The Palaszczuk Government has announced Fisheries Minister Mark Furner and Tourism Minister Kate Jones will meet with local authorities, marine experts and tourism industry officials on Friday following the fatal shark attack at Cid Harbour this week.
Minister for Agricultural Industry Development and Fisheries Mark Furner said the meeting would enable local industry representatives and officials to sit down directly with experts.
“It’s vital that we take the advice of experts and focus on the science to inform our decisions,” Mr Furner said.
“We want to support our tourism industry and we have some of the foremost marine science and fisheries experts in the world here in Queensland.
“This is about getting the key local stakeholders in the same room to talk about what’s best for locals and visitors.
“Our safety message remains the same – don’t swim in Cid Harbour.”
Tourism Industry Development Minister Kate Jones said the government was committed to working with industry representatives and the local community.
“It’s important that we work collaboratively to find the best long-term solution for locals and the local tourism industry,” she said.
“We don’t want to dictate to experts and locals – it’s important they have a say in how we tackle this.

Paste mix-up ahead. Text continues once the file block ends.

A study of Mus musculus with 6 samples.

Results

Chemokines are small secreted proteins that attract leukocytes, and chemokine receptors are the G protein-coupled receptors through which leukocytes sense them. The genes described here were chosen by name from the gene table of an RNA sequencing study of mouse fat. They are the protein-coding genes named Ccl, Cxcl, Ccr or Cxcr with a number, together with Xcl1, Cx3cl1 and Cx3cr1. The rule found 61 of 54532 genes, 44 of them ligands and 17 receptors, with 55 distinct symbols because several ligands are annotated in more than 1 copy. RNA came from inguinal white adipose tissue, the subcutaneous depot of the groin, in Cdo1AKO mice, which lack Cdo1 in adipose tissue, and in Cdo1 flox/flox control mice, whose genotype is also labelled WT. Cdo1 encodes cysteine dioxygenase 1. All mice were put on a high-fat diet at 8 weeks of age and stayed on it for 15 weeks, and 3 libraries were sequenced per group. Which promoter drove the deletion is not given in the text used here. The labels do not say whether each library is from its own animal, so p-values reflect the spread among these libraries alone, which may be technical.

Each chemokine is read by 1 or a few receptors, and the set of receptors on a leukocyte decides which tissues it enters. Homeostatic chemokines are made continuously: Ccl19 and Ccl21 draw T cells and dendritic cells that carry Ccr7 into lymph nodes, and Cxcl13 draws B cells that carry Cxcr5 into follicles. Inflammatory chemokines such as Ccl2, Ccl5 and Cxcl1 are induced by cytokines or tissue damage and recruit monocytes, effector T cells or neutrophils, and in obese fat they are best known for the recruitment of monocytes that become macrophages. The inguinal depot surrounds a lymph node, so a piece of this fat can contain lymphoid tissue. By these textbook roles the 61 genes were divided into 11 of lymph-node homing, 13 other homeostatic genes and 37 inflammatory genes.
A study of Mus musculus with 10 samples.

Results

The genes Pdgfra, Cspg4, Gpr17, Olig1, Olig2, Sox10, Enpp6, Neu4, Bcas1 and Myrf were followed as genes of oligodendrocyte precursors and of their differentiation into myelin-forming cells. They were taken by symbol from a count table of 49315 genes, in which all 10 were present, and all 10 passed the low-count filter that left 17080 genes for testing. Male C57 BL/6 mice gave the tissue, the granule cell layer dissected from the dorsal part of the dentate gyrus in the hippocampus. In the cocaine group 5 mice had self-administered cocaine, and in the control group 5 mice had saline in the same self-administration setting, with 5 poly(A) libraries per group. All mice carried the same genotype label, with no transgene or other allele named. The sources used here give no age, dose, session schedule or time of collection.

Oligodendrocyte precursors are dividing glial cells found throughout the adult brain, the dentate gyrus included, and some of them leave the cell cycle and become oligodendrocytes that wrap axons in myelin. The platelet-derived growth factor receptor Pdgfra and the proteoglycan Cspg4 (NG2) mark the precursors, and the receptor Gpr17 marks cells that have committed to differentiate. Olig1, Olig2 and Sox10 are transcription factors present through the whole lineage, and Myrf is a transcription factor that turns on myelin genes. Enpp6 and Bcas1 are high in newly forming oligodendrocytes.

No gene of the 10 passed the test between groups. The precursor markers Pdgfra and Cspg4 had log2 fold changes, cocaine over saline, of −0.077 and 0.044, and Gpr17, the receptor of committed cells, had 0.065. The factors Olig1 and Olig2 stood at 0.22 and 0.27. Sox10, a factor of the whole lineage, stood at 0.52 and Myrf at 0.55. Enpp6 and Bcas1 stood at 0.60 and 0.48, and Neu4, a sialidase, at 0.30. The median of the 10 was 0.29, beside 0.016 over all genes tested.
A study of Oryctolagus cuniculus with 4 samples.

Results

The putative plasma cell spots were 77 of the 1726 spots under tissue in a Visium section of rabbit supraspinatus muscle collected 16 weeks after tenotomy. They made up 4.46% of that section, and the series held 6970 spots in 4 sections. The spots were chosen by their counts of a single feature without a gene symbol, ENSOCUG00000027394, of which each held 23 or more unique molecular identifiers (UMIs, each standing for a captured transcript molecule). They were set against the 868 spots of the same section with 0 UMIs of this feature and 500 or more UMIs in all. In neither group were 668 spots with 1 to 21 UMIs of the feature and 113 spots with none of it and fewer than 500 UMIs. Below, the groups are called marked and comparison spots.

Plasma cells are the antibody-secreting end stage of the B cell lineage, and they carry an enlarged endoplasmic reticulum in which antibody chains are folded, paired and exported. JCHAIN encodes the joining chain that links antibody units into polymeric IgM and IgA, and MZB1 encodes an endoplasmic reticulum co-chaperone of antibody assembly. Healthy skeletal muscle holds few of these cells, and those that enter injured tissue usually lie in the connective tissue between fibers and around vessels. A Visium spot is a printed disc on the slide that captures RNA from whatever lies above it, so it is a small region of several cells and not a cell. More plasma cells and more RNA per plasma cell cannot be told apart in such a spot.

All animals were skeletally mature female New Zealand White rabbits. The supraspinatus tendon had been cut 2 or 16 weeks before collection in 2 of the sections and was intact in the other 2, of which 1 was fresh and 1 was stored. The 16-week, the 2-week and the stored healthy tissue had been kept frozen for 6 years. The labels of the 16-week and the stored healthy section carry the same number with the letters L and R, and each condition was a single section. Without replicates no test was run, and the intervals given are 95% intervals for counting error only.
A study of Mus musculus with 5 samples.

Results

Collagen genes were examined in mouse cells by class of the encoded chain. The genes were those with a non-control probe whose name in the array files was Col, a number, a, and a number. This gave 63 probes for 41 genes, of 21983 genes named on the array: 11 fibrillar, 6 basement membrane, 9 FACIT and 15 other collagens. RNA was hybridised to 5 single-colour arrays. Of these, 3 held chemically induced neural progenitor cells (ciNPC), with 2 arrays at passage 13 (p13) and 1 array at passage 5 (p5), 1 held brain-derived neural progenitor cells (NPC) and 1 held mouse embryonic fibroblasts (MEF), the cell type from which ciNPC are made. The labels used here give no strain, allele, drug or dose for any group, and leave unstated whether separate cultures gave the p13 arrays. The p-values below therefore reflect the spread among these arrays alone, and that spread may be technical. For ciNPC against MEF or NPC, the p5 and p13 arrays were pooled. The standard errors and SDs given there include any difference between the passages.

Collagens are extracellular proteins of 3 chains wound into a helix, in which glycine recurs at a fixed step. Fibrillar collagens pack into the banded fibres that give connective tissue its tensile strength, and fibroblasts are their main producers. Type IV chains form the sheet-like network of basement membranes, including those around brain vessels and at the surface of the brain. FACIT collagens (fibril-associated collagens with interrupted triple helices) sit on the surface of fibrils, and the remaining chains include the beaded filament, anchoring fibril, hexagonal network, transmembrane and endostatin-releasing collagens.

“Safety is our number one priority. The tourism industry has already been working closely with operators to make sure tourists are properly briefed about the risks of getting in the water at Cid Harbour.
“Tourism is a vital industry for the Whitsundays. We’ll also discuss ways to support tourism operators through this tough period.”
Whitsunday Mayor Andrew Wilcox welcomed the announcement and said he was looking forward to engaging with experts.
“We need to work together to address this issue,” he said.
“Friday’s meeting will ensure we hear everyone’s views and we make informed decisions.”
Tourism Whitsundays CEO Natassia Wheeler said the industry’s focus was ensuring we work together and listen to experts.
“It’s important that we don’t have a knee-jerk reaction to the tragedy this week,” she said.
“Local tourism operators continue with stringent warnings to visitors and advising visitors not to swim in Cid Harbour.
“But we need to work with experts and all levels of government to find a longer-term solution.”